Nico Dauphine, who holds a Ph.D. in wildlife ecology and was a former researcher at the Smithsonian’s National Zoo, received a one-year suspended sentence this week for trying to poison feral cats in the Columbia Heights area of Washington D.C. (Credit: Huffington Post)
Dauphine's sentence included a year of supervised probation and 120 hours of community service. Plus she must stay away from cats.
|Cat from Colony ACR has TNRed|
Dauphine was found guilty of placing rat poison in the food that one of her neighbors had left outside their apartment building for felines. Prosecutors said Dauphine was upset because feral cats prey on migratory birds.
Do migratory birds live in Columbia Heights—a busy and highly populated part of the city? Matt Todd, who has been bird watching for 15 years, told The Huffington Post he doesn't know of any birds in Columbia Heights that would be considered "endangered." Rock Creek Park, he said, has some interesting migrating songbirds -- like warblers -- but "they don't really venture into the city," he said. "They're sticking to the green highway the park provides."
Columbia Heights does have birds, Todd said, but they are very common types -- pigeons, sparrows and starlings. "Not birds that are necessarily endangered," he noted.
Steve Pretl, president of the Montgomery Bird Club, says he doesn't know of any unusual birds in Columbia Heights, either. "When I walk in the area, I see the normal complement of city birds -- pigeons, house sparrows, the occasional mockingbird," he wrote in an email.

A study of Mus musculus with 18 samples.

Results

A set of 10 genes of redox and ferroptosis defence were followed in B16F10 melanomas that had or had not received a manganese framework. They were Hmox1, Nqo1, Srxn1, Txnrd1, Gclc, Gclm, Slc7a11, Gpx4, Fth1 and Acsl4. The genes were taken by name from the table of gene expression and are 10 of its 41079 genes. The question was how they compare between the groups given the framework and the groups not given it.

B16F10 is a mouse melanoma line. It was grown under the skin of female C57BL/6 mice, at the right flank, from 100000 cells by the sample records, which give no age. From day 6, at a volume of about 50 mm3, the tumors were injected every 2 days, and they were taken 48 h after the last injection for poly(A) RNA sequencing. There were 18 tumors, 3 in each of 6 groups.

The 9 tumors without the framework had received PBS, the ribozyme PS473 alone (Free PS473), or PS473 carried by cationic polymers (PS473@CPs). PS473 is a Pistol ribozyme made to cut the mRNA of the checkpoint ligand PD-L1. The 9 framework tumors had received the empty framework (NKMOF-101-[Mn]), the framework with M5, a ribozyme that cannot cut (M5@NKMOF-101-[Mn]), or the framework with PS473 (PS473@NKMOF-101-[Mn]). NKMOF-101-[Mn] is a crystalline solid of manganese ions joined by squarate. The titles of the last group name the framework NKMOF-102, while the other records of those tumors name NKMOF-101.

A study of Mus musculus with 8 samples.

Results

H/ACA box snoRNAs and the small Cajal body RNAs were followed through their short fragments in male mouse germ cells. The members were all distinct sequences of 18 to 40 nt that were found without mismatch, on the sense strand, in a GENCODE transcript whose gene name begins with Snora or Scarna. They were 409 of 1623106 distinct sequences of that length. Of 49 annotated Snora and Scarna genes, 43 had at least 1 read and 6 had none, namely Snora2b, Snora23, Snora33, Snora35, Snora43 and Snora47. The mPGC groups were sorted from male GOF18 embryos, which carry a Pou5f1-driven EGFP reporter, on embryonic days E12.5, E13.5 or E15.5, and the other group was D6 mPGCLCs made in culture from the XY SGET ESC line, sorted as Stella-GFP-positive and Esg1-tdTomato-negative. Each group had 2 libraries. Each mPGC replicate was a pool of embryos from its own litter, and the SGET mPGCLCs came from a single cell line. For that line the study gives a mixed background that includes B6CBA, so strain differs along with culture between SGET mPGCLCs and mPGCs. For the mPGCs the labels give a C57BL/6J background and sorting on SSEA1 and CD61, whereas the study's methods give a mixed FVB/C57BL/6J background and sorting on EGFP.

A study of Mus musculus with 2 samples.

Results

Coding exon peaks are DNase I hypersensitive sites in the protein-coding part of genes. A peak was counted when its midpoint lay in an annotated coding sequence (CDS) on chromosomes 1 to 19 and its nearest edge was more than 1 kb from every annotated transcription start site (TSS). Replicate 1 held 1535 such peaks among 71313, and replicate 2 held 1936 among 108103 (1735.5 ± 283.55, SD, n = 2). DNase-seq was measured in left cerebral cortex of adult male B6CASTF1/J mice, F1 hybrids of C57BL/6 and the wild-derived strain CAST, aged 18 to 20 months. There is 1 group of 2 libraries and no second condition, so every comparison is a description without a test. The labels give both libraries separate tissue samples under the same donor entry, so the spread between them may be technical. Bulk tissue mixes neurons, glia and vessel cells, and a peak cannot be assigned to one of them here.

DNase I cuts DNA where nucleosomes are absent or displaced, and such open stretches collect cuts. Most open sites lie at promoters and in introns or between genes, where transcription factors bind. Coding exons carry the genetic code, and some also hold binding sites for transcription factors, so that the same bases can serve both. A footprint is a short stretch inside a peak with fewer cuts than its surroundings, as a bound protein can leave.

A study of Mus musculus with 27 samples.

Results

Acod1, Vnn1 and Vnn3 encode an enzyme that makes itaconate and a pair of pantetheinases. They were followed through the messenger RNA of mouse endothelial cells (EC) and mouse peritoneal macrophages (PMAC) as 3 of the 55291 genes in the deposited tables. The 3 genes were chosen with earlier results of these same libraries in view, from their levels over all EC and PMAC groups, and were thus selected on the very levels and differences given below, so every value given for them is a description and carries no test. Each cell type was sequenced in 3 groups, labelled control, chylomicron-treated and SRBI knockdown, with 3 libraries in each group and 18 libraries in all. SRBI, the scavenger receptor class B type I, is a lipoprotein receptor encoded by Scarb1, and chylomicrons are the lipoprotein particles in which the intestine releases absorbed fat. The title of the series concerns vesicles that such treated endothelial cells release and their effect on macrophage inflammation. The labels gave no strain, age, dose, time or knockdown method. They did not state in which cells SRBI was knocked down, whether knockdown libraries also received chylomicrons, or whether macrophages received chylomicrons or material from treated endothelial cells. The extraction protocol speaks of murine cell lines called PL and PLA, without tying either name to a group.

"Among birders and conservationists, a lot of people really decry outdoor cats as big killers of birds," Pretl said. "But this sounds like an indiscriminate thing. I'd be surprised if there were any fragile populations of birds in this neighborhood, in downtown D.C."
Alley Cat Rescue for many years has been concerned about this anti-cat sentiment that the environmental groups have circulated. They have turned the cat into a scapegoat for the many ills of the planet. Damage that humans have caused with our buildings, golf courses, shopping malls, roads has caused a massive loss of habitat for birds and other wildlife.
Louise Holton, ACR President, says: “At Alley Cat Rescue we care about ALL animals, including birds and wildlife. By providing TNR services to reduce cat populations and by doing a few simple things to reduce our own impact on the world, we can help cats, birds and other wildlife.”
She called for “calmer heads” to prevail and for environmentalists to work with TNR groups, not against them, to help reduce and control outdoor cats.
Said Holton: “We have been working on reducing feral cat population for over 20 years, but none of us have enough resources to do this alone. It has been left up to “ordinary individuals” to use their own money to spay and neuter feral cats. We need an influx of funds to enable us to do more.”
“And we do NOT need this constant distraction having to defend our humane and effective work. Total eradication on continents will never be achieved. And on islands where this has been tried, it took many years, several methods like poisoning, shooting, and hunting dogs. And even then caused the rodent population to explode, causing even more problems.”
The environmental groups never give any real solution. They vaguely say “build sanctuaries” or take them to animal control for adoption.
Well one cannot build enough “sanctuaries” and, in any case, who will fund these?
And “take them to animal control” means killing the cats, as ferals are usually killed immediately by animal control. In any event animal control agencies can barely keep up with all the cats dumped on them daily, how on earth can they still send out trappers to catch-and-kill?
Those folks who care about humane, nonlethal control should ALL tell the environmental groups, bird groups, and local authorities to embrace TNR for feral cats. It’s the only thing that DOES work.